Walker, Philip Dean. “At Danceteria and Other Stories”, Squares & Rebels, 2016.
A Debut Collection of Seven Short Stories
I am always amazed by authors who can say a lot in a short period of time even though, I must admit, that I prefer long fiction to short stories but that is something personal with me. Against the background of the devastating AIDS epidemic, Philip Dean Walker gives us seven short stories in just 91 pages. We get a mix here that is diverse and that highlights the literary talent of the author. Celebrities are a major part of six of the stories and we meet them after they have died and are returned to life in new and unique settings. Just to give you an idea of what to expect, we meet Halston, Liza Minnelli, Andy Warhol, Freddie Mercury, Sylvester, Keith Haring, Princess Diana, Rock Hudson and Jackie O and we do so at the most unlikely placers be it a leather bar or a drag show. Walker writes with camp but does not overdue it and the stories are all plausible and relatable (if we use our imaginations). While this collection could have been quite frivolous, Walker chose the AIDS epidemic as a background and we find the link between the story and the devastation of AIDS.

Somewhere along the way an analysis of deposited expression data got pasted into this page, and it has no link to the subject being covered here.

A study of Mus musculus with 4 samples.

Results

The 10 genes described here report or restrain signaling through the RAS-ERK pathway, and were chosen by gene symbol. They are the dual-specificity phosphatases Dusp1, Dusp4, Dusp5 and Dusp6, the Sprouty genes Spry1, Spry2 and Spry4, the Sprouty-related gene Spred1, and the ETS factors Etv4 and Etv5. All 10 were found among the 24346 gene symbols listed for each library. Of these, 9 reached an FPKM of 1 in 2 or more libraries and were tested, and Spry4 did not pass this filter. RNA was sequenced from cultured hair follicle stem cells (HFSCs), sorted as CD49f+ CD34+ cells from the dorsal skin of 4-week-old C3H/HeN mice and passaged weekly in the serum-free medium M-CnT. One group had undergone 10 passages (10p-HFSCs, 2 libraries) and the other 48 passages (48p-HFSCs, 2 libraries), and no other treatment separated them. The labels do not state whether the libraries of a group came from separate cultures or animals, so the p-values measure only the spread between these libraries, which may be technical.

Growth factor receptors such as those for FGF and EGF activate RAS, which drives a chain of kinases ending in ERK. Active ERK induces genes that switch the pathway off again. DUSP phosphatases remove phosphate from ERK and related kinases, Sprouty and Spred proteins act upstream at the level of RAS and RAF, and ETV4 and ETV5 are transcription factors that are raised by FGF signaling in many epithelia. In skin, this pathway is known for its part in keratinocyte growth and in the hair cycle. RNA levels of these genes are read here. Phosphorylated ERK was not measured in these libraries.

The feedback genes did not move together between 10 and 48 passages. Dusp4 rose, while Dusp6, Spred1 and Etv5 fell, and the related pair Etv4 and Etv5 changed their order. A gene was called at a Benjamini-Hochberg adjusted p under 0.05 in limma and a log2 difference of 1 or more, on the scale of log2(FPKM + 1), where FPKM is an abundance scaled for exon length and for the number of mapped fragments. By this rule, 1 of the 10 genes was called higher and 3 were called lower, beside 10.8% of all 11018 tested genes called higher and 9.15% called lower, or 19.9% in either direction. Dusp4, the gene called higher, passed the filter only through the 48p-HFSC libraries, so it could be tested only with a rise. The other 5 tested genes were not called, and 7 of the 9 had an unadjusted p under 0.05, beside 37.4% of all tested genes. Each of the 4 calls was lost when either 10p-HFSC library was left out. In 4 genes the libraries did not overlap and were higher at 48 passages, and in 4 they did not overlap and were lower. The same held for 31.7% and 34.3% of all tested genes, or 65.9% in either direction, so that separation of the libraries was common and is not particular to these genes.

One of the stories, “The Boy Who Lived Next to the Boy Next Door” captures the confusion and panic that we all felt with the AIDS epidemic began. Our unnamed main character decides to refer to the epidemic as “Hot Guy Flu” and that is because those dying were all good-looking and sexy men. The result is that the average-looking guys moved up the ranks of desirability because they were not hot enough to become infected. You can imagine where that leads.
Because the book is short, it becomes a quick read and one that can be read over and over again and there is always something new to find.
Walker writes with a quick wit and irreverence and that makes me love him even more. Our past was beautiful one hand and terrifying on the other. It has taken us quite a long time to be able to laugh about AIDS and I am not sure that I am even ready to do so I tended to push the wit and humor aside and see the threat to our community. We did not yet use the word “queer” to describe ourselves and while some fulfilled the stereotype of the erotic and sex-crazy gay male, others certainly came nowhere close to doing so. What we really see in these stories about America in the 80s is that we did not know that we could be killed by just that—what we did not know. There is a sense of loneliness in the stories making us want to reach out to the characters and make them our own. Walker takes us on a journey that never disappoints and is important for us to read so that we can better understand ourselves. It is necessary to know our past if we want to have a better future and we must never forget that we stand on the shoulders of those who came before us. Our behavior might be different than what us but we can remember or read about how it once was even when exaggerated here.